EXCERPT: Ted Kennedy's 'True Compass'

Unbelievably, after making it through brain surgery, radiation, and chemotherapy and meeting my goal of being ready and able to address the delegates in Denver, I had been struck, out of the blue and for the first time in my life, with a kidney stone. As the doctors prepared to administer a very powerful pain medication, my wife, who is usually unflappable in a crisis, burst into tears. "If you give him pain medicine, then you will have made the decision for him about speaking tonight. You can't take away his ability to make this decision for himself. He's worked too hard for this night." After doing a back-of-the-envelope calculation on how long the medication would stay in my bloodstream, the doctors assured her that it would be out of my system in time for me to speak, though, as they later told us, they did not think I would be feeling up to speaking in any event.

Now doctors from all over Denver had begun to descend on my room, Larrys and non-Larrys alike. A neurologist arrived, and a urologist, and several other -ologists. I welcomed them all, of course; but Vicki's preoccupation (and mine) was not diagnosis, it was the danger of overmedication and overpowering sleep well past my schedule for appearing at the Pepsi Center.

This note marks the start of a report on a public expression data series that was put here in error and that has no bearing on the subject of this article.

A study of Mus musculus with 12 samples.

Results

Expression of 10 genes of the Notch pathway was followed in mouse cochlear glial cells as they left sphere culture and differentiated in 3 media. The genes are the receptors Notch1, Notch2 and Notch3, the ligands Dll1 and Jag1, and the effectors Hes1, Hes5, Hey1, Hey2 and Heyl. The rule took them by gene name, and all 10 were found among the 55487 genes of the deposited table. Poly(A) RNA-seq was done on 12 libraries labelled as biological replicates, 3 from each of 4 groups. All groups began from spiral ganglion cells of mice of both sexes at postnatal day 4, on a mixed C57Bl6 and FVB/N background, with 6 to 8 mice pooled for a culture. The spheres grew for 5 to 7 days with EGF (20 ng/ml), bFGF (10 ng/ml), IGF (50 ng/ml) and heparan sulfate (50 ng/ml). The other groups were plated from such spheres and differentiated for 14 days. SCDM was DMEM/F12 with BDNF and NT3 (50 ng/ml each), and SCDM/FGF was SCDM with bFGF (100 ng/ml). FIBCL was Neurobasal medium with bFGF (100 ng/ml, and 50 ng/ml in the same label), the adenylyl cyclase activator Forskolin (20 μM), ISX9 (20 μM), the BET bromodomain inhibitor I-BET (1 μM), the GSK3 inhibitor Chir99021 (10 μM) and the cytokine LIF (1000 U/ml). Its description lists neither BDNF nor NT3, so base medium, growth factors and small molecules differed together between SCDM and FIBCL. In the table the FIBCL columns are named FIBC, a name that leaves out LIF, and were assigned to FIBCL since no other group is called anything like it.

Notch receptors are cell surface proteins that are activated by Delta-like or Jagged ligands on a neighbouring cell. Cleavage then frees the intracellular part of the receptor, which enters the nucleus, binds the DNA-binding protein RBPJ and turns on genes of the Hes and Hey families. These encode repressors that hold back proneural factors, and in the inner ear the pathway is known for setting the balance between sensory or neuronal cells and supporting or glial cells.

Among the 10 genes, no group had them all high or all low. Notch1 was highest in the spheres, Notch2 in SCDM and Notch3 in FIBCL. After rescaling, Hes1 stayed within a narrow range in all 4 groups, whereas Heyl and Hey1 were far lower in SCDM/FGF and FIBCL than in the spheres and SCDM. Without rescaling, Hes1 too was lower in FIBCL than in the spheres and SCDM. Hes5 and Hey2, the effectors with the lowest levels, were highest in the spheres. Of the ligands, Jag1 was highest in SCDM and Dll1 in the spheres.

We were not vigilant enough. A nurse gave me more pain medication when no one was looking. The doctor had not yet changed the orders in the chart to reflect our private conversa-tions. Vicki, shall we say, remonstrated with her. Yet there it was, the sleep-inducing drug, coursing anew through my system. How long before it would lift?

"What do you think?" I asked Vicki drowsily.

"You can just go out and wave," she replied. "Just go out there with the family and wave."

But I had not come all the way to Denver just to wave.

We worked on a compromise: Shrum cut my prepared re-marks down to about four lines, in case my deep drowsiness persisted. Then, assuming the best—which by now was not as good as I'd hoped—he cut the original in half. That would be the version I would give if I was strong and awake enough to speak at any length at all.

The convention's opening gavel was scheduled for 6 p.m. At around 4:30, I awoke and told Vicki, "I probably ought to get up now and see if I can walk and not fall flat on my face." I made it from my bed to the end of the room. "I think I'll go back to sleep now," I said. I didn't sleep long. We would have to leave for the center no later than 6:30 if we had any hope of being on time. I had not had the chance to rehearse my remarks on the teleprompter and had not seen the text in two days. Nor would I again until I spoke it. We showered and dressed at the hospital. Someone was combing my hair as the aides stared at their wristwatches; someone else was wrapping my hand in an Ace bandage, to conceal the intravenous line still implanted there.

Larry Horowitz was on the phone with the Pepsi Center. They needed to know which version of the speech if any to put in the teleprompter. I said the original one that I had rehearsed at the Cape, but Vicki and Larry persuaded me that Shrum's abbreviated version was probably a better idea.